South Carolina was already moving to reduce the number of standardized tests students have to take, even before President Barack Obama called for a reduction. The president said over the weekend, “Learning is about so much more than just filling in the right bubble.”
He called for the reduction after a nationwide study of large, urban school districts found that students take an average of 112 standardized tests from pre-kindergarten through 12th grade. In the districts studied, the average 8th grader spent 2.3 percent of his time on standardized tests. The president is calling for that to be capped at 2 percent. Students spend between 20 and 25 hours a year on standardized tests, and that’s just taking the test, not including class time spent preparing for the tests or time spent on regular class quizzes and tests.
South Carolina Education Superintendent Molly Spearman says reducing standardized testing is something the state already had in the works. “Our waiver that we sent to the United States Department of Education, we have already asked for less testing and proposed that. So in January, we’ll be sending a proposal to them, and it will be doing just the amount of testing that we’re required to do and not beyond that.”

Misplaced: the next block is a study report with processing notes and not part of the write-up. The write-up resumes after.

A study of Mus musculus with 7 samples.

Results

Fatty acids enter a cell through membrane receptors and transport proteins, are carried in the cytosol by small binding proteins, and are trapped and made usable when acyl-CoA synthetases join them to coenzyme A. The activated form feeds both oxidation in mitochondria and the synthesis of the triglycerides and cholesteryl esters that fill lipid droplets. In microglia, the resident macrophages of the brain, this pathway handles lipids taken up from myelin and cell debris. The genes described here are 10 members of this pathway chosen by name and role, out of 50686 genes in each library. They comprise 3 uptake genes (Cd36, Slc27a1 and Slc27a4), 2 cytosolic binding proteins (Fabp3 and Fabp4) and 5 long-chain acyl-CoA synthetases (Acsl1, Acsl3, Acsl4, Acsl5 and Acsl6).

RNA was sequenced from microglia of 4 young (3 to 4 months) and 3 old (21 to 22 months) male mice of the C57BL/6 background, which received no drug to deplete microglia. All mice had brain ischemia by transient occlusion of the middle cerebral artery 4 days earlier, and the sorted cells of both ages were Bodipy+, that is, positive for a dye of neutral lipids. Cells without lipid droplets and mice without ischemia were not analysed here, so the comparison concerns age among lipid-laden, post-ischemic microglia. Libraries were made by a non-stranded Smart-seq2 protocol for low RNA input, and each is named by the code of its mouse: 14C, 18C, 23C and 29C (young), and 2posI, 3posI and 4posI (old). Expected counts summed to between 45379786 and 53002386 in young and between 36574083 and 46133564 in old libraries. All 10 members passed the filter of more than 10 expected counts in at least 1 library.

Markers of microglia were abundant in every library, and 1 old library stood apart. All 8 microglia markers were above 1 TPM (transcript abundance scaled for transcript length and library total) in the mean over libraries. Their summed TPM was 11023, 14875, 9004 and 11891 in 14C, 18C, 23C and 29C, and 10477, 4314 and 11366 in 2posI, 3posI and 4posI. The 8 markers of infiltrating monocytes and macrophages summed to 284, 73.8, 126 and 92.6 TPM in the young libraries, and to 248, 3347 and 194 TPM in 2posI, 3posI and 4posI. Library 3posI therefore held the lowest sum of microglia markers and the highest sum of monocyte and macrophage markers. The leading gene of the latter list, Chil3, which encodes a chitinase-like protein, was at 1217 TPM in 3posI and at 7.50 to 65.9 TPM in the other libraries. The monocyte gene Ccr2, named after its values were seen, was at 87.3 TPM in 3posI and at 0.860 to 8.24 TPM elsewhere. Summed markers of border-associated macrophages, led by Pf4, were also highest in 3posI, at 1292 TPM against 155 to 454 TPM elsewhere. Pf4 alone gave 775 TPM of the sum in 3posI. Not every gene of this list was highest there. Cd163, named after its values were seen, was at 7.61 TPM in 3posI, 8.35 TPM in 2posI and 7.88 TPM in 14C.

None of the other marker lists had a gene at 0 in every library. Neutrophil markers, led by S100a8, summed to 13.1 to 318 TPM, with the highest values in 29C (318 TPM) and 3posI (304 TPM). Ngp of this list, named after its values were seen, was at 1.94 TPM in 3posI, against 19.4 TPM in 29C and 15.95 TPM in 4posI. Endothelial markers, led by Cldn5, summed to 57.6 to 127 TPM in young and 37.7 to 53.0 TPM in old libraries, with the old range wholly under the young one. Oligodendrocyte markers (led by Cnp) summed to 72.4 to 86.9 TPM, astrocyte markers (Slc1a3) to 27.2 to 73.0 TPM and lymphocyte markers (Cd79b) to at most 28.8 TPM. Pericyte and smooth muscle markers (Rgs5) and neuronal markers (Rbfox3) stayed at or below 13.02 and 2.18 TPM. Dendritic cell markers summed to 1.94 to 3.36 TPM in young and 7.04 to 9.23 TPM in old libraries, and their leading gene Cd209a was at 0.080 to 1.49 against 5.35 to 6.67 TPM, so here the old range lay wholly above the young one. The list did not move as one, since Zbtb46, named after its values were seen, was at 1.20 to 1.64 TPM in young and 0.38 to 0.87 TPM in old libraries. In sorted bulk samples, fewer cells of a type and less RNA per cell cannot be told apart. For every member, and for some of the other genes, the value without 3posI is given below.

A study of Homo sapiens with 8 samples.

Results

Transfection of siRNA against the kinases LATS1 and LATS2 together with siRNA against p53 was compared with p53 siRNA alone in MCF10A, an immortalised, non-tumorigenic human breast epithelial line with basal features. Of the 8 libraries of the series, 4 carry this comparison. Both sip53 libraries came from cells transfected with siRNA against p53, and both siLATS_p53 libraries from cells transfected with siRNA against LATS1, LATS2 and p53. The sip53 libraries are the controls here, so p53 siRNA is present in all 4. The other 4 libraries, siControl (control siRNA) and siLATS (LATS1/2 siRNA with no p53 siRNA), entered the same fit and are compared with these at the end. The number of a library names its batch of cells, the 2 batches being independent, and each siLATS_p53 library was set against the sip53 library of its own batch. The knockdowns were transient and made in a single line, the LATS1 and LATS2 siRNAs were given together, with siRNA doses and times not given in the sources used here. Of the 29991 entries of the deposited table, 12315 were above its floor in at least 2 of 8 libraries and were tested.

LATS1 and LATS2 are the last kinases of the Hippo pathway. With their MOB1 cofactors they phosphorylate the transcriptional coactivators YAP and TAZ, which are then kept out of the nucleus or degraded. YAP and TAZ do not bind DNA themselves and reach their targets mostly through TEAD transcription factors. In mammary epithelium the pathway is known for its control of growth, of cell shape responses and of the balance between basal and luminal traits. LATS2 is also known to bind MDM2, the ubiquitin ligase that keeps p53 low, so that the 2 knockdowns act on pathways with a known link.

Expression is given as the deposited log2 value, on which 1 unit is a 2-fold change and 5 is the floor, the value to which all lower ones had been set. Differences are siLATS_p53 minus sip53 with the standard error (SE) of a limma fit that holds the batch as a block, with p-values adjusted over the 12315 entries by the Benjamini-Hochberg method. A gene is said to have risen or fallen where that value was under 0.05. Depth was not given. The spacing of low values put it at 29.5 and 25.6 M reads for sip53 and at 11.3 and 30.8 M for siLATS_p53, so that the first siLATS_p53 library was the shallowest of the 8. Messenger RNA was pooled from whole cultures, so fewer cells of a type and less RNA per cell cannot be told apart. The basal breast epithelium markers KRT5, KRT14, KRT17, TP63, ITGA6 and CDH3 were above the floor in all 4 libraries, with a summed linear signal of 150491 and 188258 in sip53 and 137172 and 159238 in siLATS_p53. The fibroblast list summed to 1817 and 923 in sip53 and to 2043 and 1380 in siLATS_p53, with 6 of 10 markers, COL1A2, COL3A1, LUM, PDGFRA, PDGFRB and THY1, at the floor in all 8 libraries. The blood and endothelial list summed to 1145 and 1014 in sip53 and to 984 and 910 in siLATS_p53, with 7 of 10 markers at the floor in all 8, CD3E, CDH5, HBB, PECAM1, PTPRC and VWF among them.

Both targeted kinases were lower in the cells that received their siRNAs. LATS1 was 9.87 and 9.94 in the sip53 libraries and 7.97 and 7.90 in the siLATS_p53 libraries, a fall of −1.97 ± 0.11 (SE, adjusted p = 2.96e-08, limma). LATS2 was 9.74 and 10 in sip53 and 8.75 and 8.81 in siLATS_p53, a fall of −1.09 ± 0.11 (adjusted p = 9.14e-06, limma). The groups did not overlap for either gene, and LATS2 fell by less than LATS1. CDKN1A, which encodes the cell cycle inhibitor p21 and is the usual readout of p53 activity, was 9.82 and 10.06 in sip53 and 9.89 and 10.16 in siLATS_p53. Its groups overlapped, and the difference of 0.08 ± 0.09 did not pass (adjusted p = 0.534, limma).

Palmetto State Teachers Association executive director Kathy Maness says, “For years, teachers and parents and students have said that we do too much testing, and having to do all this testing has taken a lot of the joy out of teachers doing their craft, and being able to really teach and students learn because we are concentrating too much on standardized testing.”
Spearman says an example of where testing might be reduced is social studies. The federal government requires a standardized test at least once in grades 3 through 8, but South Carolina has been giving a standardized social studies test every year.
Courtney Morales, a mother of two sons in high school in Columbia, says, “My son has told me that they don’t really have enough quality time to learn all they have to learn, such as in Geometry class, and they’re always pushing the teachers to do testing.”
Her son Brandon, a junior, says, “I think decreasing it will definitely give students more time in class.”